Mariana Valverde teaches at the Centre for Criminology & Sociolegal Studies at the University of Toronto. Her main research interests are sociolegal theory, moral regulation, and urban governance and law, historically and in the present.
Sole authored books include: Sex, Power, and Pleasure (Canadian Scholars’ Press, 1985); The Age of Light, Soap, and Water: Moral Reform in English Canada 1880s-1920s (University of Toronto Press, 1991, 2008); Diseases of the Will: Alcohol and the Dilemmas of Freedom (Cambridge, 1998), co-winner of the Herbert Jacobs prize of the LSA; Law’s Dream of a Common Knowledge (Princeton University Press, 2003); Law and Order: Signs, Meanings, Myths (Routledge, 2006); Everyday law on the Street: City Governance in an Age of Diversity (Chicago University Press, 2012), which also won the Law and Society Association’s Jacobs prize; Chronotopes of Law: Jurisdiction, Scale and Governance (Routledge, 2015), and a forthcoming book for students, Foucault for and against criminology (Routledge in press).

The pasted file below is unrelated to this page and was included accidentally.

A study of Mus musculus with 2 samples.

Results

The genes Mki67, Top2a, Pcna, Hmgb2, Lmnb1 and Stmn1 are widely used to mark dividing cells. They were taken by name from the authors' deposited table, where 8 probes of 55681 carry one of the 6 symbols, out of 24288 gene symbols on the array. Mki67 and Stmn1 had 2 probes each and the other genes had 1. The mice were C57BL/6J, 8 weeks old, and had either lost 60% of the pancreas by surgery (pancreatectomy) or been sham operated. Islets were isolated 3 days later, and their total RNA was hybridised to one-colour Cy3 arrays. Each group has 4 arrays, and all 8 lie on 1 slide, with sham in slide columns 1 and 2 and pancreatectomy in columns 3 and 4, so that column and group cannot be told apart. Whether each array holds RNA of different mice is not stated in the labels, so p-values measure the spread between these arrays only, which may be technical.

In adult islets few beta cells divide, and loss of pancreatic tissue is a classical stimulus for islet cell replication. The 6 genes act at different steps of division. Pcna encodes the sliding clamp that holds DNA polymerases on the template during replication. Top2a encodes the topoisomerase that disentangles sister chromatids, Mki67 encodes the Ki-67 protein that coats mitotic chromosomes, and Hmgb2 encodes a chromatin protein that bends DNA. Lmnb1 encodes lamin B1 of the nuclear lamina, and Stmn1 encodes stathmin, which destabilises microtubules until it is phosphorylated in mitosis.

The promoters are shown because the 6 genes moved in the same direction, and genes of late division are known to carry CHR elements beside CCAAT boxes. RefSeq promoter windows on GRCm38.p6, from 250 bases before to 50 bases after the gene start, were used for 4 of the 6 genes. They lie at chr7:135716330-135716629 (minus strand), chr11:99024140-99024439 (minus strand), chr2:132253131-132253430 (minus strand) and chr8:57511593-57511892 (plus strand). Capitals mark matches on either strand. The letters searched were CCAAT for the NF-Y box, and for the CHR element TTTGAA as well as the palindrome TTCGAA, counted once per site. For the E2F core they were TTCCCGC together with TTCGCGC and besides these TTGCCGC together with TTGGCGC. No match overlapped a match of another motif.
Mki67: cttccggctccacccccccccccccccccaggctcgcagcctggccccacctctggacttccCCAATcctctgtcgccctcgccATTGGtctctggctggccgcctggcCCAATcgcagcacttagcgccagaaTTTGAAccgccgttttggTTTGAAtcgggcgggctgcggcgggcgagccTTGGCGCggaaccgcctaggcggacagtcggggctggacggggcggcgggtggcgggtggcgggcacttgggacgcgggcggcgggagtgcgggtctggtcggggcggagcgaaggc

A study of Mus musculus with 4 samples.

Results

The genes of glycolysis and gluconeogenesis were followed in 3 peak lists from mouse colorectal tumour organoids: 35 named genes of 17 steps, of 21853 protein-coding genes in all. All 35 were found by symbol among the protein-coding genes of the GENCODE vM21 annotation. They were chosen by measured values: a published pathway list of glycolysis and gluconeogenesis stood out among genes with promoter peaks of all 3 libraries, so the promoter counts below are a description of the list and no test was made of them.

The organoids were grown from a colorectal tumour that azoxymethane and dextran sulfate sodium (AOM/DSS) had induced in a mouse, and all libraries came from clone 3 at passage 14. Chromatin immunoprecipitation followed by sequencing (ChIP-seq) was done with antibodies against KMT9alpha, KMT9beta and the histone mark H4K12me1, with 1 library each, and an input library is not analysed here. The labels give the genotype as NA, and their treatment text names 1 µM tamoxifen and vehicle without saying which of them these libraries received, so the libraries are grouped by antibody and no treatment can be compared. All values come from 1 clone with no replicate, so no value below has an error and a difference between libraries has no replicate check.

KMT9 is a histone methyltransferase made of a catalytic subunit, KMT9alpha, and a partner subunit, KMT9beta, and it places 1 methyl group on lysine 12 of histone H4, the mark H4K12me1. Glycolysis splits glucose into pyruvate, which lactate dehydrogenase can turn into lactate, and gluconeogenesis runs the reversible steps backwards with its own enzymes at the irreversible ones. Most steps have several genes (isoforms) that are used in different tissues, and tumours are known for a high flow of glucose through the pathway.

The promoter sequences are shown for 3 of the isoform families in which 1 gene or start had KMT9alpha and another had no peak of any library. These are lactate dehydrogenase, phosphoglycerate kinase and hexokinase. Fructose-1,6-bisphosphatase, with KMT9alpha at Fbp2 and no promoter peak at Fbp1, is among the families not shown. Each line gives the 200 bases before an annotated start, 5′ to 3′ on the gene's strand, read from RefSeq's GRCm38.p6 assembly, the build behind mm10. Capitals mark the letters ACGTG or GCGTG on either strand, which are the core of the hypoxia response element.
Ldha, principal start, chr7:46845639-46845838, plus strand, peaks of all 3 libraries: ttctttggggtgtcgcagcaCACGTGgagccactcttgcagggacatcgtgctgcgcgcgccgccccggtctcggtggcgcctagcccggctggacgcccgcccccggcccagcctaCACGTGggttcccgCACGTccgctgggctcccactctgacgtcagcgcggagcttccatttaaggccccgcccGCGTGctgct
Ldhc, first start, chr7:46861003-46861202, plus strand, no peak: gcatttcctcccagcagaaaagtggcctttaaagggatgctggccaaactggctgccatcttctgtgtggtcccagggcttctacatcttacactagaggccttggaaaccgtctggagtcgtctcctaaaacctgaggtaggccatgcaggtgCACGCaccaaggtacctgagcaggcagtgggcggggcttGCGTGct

In addition, she has co-edited four anthologies and published over 50 articles in journals ranging from Law and Society Review to Victorian Studies. Elected Fellow of the Royal Society of Canada in 2006, she was chief editor of the Canadian Journal of Law and Society from 2007 to 2014. In 2016 she received the Harry Kalven award from the Law and Society Association.
Her main current project studies the governance of local infrastructure projects, focusing on the ‘broader public sector’, e.g. the capital projects process in entities such as public housing companies and universities. On hold currently is a major comparative project on how cities used both legal and nonlegal tools to draw and maintain lines separating ‘good’ from ‘bad’ neighbourhoods, in the century of the suburb (1870s to 1970s).